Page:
World No. 8 Ons Jabeur couldn't be happier to have Issam Jellali as her coach as she appeared to suggest to Emma Raducanu that having a big name doesn't guarantee you success. US Open champion Raducanu's decision to fire her coach Andrew Richardson after winning it all at Flushing Meadows so she could a more experienced coach drew lots of attention, Jabeur is not coached by a big name coach but she became the first Arab player ever to break into the top-10 and she is now close to becoming the first Arab to play at the WTA Finals.
"My tennis coach is someone I respect so much. We kind of started from the bottom together. We are now in the top-10. Some people doubted our team a lot, but we stayed together. You don't necessarily need to have a coach with a lot of experience.
We need to change this mindset. The most important thing is that the coach understands his player. From there you can do amazing things. This is what we did with my team. It's a dream team that I have. I hope we will continue to work hard," Jabeur said.
Raducanu urged coaches interested to contact her
“I’d love to have someone with great experience right now by my side so if any experienced coaches are out there looking, you know where to find me,” Raducanu said after losing to Aliaksandra Sasnovich in Indian Wells.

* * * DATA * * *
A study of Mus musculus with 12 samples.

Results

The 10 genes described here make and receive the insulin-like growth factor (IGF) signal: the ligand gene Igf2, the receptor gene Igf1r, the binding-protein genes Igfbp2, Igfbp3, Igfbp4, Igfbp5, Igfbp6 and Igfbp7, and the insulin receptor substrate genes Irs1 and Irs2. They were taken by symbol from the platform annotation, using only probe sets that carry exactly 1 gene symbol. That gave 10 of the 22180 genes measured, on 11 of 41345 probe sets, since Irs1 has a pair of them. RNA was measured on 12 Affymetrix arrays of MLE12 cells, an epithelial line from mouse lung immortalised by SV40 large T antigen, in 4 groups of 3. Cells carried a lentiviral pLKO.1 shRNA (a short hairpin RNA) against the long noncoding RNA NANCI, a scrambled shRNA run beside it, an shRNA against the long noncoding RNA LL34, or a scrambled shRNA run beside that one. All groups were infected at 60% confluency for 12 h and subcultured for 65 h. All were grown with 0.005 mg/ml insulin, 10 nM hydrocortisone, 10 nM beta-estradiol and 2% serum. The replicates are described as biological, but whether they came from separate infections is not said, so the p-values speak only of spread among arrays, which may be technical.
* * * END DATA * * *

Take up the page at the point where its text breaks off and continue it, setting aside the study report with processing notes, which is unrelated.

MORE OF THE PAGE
Maria Sharapova's ex-coach Michael Joyce warned coaches off working with Raducanu. "Why would you want a big-name coach? She’s a great player but it’s going to be a tough job for the next coach, as expectations are high," Joyce said.
“If she goes to the Australian Open next year and goes out early, people will say it’s because of the coach. "I’d known Maria for quite a long time before coaching her, as I was her hitting partner.
We got to know each other, we were on a journey. "It’s a tough one for whoever comes in and works with Emma as they won’t have that relationship and they will be under a lot of scrutiny."